First of all, I would like to remind all mothers reading this that dehydration is not a summer-related problem. As winter is looming, babies are more prone to diseases for weather change. Among these, dehydration can be a problem as well. When the air is dry, your baby’s skin’s level of moisture tends to reduce faster. So you have to stay alert and constantly check if your baby is getting an adequate amount of hydration or not.

When my baby was under 6 months, she had faced issues related to dehydration. She was not playful and started to cry frequently. At one point, I noted that she was not urinating timely. That’s when I realized she was not feeling well. I can remember the particular transition time of summer and winter when she faced this problem. I would advise you to dress your baby in cotton and soft clothes at that time. Don’t overdress your baby and don’t cover him/her with blankets if the temperature is not that low. Try to understand from her body language how she is feeling. And of course, don’t stop breastfeeding your baby. My baby was quite used to breastfeeding and I did not stop it. Another thing is of course, you should keep an eye on how many diapers your baby requires. If he/she has fewer wet diapers than before, this is maybe a sign that your baby needs more fluids.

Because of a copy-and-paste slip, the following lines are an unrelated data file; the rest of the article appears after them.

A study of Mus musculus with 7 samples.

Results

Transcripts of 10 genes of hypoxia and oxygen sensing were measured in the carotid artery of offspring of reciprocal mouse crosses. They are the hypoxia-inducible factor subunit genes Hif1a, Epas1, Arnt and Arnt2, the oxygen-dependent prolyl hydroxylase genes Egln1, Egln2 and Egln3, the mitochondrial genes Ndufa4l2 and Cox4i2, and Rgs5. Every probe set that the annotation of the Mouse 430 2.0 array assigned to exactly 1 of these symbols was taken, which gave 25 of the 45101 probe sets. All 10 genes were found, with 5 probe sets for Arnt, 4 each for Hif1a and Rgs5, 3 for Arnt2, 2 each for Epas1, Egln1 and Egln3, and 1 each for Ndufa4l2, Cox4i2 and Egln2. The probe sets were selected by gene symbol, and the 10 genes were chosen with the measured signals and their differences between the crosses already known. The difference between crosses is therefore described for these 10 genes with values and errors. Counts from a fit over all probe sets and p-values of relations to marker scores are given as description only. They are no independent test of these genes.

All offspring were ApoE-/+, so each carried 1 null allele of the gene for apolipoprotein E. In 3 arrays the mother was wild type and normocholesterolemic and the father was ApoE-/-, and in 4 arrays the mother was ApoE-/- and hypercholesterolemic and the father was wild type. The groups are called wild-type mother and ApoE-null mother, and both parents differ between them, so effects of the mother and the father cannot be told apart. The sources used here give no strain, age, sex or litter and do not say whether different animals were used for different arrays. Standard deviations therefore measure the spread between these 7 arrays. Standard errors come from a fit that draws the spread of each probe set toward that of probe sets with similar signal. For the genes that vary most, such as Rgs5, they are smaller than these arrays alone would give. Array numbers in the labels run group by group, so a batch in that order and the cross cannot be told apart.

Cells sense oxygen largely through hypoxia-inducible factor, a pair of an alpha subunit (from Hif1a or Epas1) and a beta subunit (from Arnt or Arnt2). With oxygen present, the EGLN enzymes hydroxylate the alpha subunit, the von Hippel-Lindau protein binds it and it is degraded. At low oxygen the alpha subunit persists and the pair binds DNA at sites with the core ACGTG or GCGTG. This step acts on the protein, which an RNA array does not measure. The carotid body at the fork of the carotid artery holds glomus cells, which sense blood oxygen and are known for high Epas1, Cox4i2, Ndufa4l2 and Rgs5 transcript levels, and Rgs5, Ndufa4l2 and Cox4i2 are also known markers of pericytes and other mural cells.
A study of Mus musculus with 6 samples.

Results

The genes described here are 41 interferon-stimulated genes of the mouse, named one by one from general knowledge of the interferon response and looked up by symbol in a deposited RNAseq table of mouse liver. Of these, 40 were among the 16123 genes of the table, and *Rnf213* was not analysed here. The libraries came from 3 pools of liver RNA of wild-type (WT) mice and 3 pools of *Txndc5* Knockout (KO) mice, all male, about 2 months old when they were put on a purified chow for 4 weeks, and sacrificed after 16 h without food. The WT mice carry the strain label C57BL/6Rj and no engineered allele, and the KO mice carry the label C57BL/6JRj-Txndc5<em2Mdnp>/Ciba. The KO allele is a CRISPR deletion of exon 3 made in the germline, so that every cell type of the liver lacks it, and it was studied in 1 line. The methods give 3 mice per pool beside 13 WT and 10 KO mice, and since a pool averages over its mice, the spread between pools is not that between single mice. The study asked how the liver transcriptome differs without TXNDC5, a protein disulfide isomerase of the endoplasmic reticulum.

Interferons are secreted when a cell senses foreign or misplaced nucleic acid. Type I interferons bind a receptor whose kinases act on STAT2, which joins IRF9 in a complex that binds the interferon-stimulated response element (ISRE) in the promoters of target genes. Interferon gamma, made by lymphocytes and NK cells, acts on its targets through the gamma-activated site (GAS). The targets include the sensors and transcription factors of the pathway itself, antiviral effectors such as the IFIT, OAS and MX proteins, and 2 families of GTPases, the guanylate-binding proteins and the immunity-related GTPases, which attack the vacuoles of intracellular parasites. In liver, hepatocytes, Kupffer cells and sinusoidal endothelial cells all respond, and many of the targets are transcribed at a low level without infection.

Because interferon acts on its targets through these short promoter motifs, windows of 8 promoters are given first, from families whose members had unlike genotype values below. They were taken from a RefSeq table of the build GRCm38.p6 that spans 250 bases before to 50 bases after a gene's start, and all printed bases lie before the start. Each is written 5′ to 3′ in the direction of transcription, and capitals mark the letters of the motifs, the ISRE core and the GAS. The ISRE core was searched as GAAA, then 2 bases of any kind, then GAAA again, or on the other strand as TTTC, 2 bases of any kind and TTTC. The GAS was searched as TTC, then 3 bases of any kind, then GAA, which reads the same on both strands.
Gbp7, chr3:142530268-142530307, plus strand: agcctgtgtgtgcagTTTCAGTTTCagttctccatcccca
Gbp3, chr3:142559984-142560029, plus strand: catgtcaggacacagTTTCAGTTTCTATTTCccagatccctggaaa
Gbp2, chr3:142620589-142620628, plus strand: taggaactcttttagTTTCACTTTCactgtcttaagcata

As your baby grows up and gets used to eating solids, you can think of making your baby drink more water. If your baby likes fruit, regularly provide them with juicy fruits like oranges, lychees, strawberries. Try to offer the whole fruits and not just juice. Many fruits are naturally enriched with water and fibers and these are very good for your baby’s balanced diet. Another thing that is helpful for your baby especially in winter is hot or cold soup. It keeps the baby hydrated and at the same time adds to their daily intake of nutrients.

When my baby started preschool I had newer problems. My baby did not depend on breastfeeding anymore and started to eat like adults. Like my baby, all babies are more active and playful as they grow up. Try to actively feed them more water and fresh fruits. Try to develop a habit where they independently drink water at regular intervals. Normally kids at this age drink as much as their bodies need, so just keep a check that everything is under control.

Last, but not the least, make sure that your baby has no dizziness, headache, weakness, dryness on the skin or any kind of irregularities. If any of these happen, consult your pediatrician immediately. Dehydration needs treatment and you should not take it lightly.